Friday, July 20, 2007

How many foreign students enrolled in MIT?

When questions about foreign students in local universities are raised, Education Ministry officials and journalists from the nation building press like to quote MIT. The latest attempt was made by Pearl Forss:

Top universities in the world, such as MIT, have more than 40 percent foreign students

I don't know where she got her numbers from, but according to wikipedia, only 9.2% of the undergraduate student population are foreigners. The figure rises to 39.3% for graduate studies. It is clearly UNDER 40% no matter how you count. She is talking about Massachusetts Institute of Technology right, not some other MIT?

If you think wikipedia is unreliable, go do your own calculation using statistics straight from MIT:

1. Go to this one for the size of the undergraduate and graduate population: MIT Facts 2007: Enrollments 2006-2007

2. This one for the foreign students: MIT Facts 2007: International Students and Scholars

And MIT has one of the highest proportion of foreign students of all US universities, and is clearly the highest among the top US universities. Furthermore, the biggest group of these international students are Canadians, for a university just a few hours drive from the Canadian border.

Instead of justifying local universities having 20% foreigners at undergraduate level and 50% at graduate level, the MIT experience shows that we are way ahead of international norms.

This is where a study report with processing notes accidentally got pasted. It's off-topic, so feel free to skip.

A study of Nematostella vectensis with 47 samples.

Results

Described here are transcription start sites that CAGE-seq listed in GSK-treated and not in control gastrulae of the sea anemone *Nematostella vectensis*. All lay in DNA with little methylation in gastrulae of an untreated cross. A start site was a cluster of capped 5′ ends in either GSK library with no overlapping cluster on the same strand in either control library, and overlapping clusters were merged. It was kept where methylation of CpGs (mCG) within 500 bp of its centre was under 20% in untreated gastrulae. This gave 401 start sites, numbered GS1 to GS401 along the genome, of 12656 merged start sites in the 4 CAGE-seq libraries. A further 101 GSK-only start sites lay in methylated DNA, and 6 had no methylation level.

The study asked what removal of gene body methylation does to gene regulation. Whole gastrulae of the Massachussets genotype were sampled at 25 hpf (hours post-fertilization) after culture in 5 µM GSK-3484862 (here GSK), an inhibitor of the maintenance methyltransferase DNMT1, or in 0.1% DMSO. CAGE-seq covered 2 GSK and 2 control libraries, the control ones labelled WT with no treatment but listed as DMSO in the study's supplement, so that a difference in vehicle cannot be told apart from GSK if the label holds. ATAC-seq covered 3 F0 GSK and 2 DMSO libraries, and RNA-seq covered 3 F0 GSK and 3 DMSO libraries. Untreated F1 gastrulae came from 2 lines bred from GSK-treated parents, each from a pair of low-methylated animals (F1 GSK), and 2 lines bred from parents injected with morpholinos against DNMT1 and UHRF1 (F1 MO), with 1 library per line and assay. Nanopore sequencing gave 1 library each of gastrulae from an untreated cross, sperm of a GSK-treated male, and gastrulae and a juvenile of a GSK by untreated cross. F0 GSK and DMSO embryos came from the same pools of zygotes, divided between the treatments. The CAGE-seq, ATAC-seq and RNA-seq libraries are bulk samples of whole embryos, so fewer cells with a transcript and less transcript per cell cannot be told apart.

1. Does it EVEN matter what MIT does or does not do? The comparison is not completely legitimate when MIT is privately-funded and has little obligation to taxpayers, if at all, unlike NUS. MIT has free rein to play around with student demographics, while the mostly government-funded NUS should not. It is both moot and pointless to compare.

    And so what if NUS is ahead of international norms? As long as NUS carries with it the public burden, catching up with large, established private universities is practically impossible.

  2. Why even compare to MIT? Not even close to being in the same class.

  3. According to some old buffoon, singapore is unique, as such it is unfair to compare NUS to MIT.

  4. Thanks for your comments, Jonathan, anonymous and Marc.

    I agree they are comparing apples with oranges. If we really want to emulate MIT's student population, we should reserve 90% of our undergraduate places to those born in the USA.

    I point this out to show that, like the MOS for Education Gan Kim Yong, many education officials and journalists are either intentionally trying to mislead Singaporeans, or are ignorantly repeating hearsay without doing some fact checking, which brings the trustworthiness of the mainstream media to question.

  5. ChannelNewsAsia (July 19th, by Pearl Forss) lied when they said "Top universities in the world, such as MIT, have more than 40 percent foreign students". (Recall that their context was made to support the govt's stance on why our universities reserved 20% of the undergraduate seats for foreigners?)

    MIT website stated clearly that "International citizens" comprises only 8% of the undergraduate student profile!!

  6. another 1 up for the gahmen, we can add education too where Singaporeans are 2nd class in their own country.

    it really shows doesn't it. foreigners are kings and we are just the peons born to serve them.